Corder's deanship extended

27 February 2006

Professor Hugh Corder reflects on his reappointment for a second term as Dean of Law.

As I look forward to the unanticipated extension of my deanship it is very satisfying to reflect on all that the faculty has achieved in recent years.

Teaching and research are the two obvious yardsticks, and 2005 saw the largest LLB group to graduate since 1994, a group that included five cum laudes and one magna cum laude. at the ceremony with them were two new University Fellows, Professors Tom Bennett and Danie Visser, and the most recent Distinguished Teacher Award recipient from the faculty, Mohamed Paleker.

Impressive as these achievements are, a source of immense pride for me was that the graduating class of 2006 will have pioneered a social responsibility component of their LLB degrees, 60 hours of community service. The biggest project was the Saturday morning tutoring at Sithembele Matiso High, but the Law Clinic also had a record 50 students as part of their team to service refugees and five satellite offices.

The master's and postgraduate diploma students account for about half of the student population, and there is impressive width and depth in the over 40 courses on offer. The faculty has a full complement of doctoral students and 2005 saw the introduction of a support network for this important group.

The lecturers in turn are supported in their research by a well-developed peer review and advice structure.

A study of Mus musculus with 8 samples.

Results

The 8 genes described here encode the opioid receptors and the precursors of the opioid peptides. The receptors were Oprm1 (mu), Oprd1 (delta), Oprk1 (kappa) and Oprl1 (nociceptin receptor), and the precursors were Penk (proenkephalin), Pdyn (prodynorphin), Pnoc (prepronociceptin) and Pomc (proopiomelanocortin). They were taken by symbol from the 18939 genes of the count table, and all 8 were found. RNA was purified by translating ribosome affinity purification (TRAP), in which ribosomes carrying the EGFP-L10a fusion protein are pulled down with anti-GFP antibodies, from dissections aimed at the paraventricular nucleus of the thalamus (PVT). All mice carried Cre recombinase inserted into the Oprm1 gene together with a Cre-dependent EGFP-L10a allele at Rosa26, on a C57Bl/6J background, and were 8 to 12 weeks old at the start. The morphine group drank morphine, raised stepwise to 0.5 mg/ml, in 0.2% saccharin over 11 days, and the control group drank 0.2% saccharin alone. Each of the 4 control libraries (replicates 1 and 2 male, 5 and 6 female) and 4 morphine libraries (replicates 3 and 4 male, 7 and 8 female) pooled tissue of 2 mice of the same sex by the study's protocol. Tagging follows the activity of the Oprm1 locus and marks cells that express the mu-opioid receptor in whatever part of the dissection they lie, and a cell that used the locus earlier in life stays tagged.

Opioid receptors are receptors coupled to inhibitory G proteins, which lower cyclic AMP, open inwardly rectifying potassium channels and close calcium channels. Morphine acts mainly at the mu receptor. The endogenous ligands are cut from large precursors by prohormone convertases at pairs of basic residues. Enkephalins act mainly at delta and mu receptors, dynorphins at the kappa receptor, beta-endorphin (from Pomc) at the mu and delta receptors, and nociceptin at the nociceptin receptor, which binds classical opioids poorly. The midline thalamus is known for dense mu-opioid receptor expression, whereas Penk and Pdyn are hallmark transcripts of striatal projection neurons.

The faculty is also in fairly good shape transformation-wise; from one woman lecturer in 1986 we now have 23 women and 14 black members among our 49 academic staff. a staff development programme was in place before I became dean in 1999 and recent Carnegie funding ensures that such capacity-building will continue.

Research output is one of the highest per capita in the university and there are 10 NRF-rated researchers on the staff. our academics feature in every sphere of tertiary education.

Practical outcomes are the mark of the several institutes that make up the totality of the faculty, from comparative studies on the labour market in SADC to training magistrates, oversight of police accountability and recommendations on children's rights. The legal profession benefits from a professional education project that over the last six years has grown to a comprehensive programme; this is aside from the more than 3 000 commerce, humanities and engineering students who annually are taught the basics of the law.

Turning to students past, we took the decision to appoint a marketing and development manager in July 2002 and one of the most rewarding aspects of the last three years is to have reconnected with our alumni; 3 500 graduates hear from us regularly and almost every day brings contact from one of them.

Thanks mostly to their generosity we are going to begin to address a key shortfall in our student profile and that is the very small number of black South Africans in the LLB programme.